During the 18th century the Wesley family were at the forefront of the new Methodist movement which was effectively an offshoot of the Anglican church. Charles Wesley’s own father was an Anglican clergyman. Many attribute the rise of the Methodist church to his brother, John Wesley, but it is likely that they could claim equal responsibility for it. It is interesting though that Charles opposed his brother on many issues, mostly relating to the breakaway from the Church of England. It is probably for this reason that John Wesley became more famous as the great Wesleyan reformer.
Charles Wesley was born in the small village of Epworth in North Lincolnshire, in December 1707. The bulk of his education though was obtained much further south, at Westminster School in London and then Christ Church College, Oxford. While reading classical literature and languages, and gaining a Masters’ degree, he set up the “Oxford Methodist” group in 1727. His brother John more or less took over the running of it two years later. Six years later both had joined the ministry and set sail for the American colonies hoping to spread the word amongst the people of Georgia. After a year Charles took up the post of garrison chaplain at Fort Frederica, St. Simon’s Island but failed to make an impression on his parishioners. By August of 1736 he was sailing back to England, never again to return to American shores.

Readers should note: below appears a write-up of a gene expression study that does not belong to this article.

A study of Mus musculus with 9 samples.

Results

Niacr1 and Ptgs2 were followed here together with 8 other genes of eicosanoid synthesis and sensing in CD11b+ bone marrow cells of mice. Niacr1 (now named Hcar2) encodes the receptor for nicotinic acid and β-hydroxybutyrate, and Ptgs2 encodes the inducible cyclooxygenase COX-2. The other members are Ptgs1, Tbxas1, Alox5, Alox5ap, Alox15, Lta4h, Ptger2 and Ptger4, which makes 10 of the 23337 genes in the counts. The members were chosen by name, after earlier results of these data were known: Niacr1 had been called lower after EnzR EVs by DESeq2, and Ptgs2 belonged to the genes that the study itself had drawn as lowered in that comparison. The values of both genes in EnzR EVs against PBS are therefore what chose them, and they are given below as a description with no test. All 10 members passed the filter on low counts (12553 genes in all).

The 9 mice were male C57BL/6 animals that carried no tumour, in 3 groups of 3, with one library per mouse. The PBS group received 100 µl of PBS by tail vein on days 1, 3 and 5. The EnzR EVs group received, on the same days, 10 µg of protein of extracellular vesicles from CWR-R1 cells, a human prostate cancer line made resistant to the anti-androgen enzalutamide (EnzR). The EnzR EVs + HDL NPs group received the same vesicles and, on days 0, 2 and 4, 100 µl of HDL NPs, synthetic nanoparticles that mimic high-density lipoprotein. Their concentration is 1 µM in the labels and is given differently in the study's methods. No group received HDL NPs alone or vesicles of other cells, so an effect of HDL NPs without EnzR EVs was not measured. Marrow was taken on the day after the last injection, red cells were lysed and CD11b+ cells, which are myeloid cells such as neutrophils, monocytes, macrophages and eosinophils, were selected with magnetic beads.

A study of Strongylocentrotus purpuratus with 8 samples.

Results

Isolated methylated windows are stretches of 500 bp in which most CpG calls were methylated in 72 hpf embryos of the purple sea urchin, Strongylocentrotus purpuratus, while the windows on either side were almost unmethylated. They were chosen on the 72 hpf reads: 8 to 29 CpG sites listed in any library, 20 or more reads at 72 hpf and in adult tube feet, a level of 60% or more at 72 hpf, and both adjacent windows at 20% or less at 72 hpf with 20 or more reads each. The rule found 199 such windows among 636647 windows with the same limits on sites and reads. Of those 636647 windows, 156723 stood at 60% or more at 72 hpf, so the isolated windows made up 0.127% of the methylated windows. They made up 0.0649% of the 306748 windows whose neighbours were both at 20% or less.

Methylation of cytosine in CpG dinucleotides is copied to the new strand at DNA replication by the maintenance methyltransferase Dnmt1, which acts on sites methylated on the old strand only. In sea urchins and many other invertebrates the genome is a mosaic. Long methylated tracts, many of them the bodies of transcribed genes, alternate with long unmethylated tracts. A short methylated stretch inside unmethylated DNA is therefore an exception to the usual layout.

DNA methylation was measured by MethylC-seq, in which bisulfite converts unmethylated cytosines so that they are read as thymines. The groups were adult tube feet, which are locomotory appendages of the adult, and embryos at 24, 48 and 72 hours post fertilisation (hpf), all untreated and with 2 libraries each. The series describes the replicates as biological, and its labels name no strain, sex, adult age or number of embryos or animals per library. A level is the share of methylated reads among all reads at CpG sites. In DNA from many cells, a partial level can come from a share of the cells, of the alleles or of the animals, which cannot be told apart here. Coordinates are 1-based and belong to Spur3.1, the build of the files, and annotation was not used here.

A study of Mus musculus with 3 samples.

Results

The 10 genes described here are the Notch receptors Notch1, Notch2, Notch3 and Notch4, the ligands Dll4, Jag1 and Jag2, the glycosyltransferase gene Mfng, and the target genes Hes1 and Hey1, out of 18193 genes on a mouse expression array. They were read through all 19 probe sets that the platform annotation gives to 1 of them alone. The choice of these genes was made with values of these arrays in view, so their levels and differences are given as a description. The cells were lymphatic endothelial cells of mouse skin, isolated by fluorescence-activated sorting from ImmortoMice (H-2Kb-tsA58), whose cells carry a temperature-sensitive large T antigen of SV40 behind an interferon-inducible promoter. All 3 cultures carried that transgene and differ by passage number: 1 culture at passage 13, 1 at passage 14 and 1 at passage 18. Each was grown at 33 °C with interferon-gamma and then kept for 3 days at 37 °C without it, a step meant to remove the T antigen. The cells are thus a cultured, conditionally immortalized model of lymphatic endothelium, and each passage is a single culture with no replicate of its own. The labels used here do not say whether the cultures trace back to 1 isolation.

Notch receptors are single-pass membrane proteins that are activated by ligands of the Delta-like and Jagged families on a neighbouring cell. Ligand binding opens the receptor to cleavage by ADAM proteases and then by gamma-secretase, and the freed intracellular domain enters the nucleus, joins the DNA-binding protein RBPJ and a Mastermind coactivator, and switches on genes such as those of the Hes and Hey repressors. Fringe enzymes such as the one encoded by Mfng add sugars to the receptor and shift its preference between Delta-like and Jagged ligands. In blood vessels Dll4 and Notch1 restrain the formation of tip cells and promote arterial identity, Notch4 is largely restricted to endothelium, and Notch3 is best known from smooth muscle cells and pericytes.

Charles was a prolific writer of poetry, many of which became hymns to be sung in churches worldwide. In fact there was a survey carried out in the 19th century to discover the best of all the hymns written for Anglican Communion churches around the world and the so-called “Great Four Anglican Hymns” were named. Two of these four were penned by Charles Wesley: Hark! The Herald Angels Sing and Lo! He Comes With Clouds Descending.
Charles lived and worked for most of his life in two main locations. Firstly he was minister at the New Room Chapel in Bristol and he lived in a house nearby. He also spent a good number of years in the Marylebone area of west London and had an obvious affection for the St Marylebone Parish Church. In keeping with his earlier disputes with brother John over the move away from the Church of England, Charles wanted to let the rector of his local church know that he still considered himself a follower and believer in the old faith. Just before he died he wrote to him:
As requested, he was indeed buried there.
Wesley left it relatively late in life to marry. He was 42 when he married a woman nearly 20 years younger and she bore him eight children. Unfortunately only three of them lived beyond infancy. She spent much of her time supporting her husband on his travels around the country spreading the evangelical word. Charles grew tired of the travelling though and concentrated his efforts on writing while living either in Bristol or London.
In all he was responsible for thousands of published hymns and many are still sung today, some three hundred years later. His words have been translated into many other languages. The Methodist hymn booked called Hymns and Psalms contains a lot of his work such as O for a Thousand Tongues to Sing, And Can It Be, and O For a Trumpet Voice. Here are the first three verses of Thousand Tongues:
Charles Wesley died in March 1788 at the age of 80.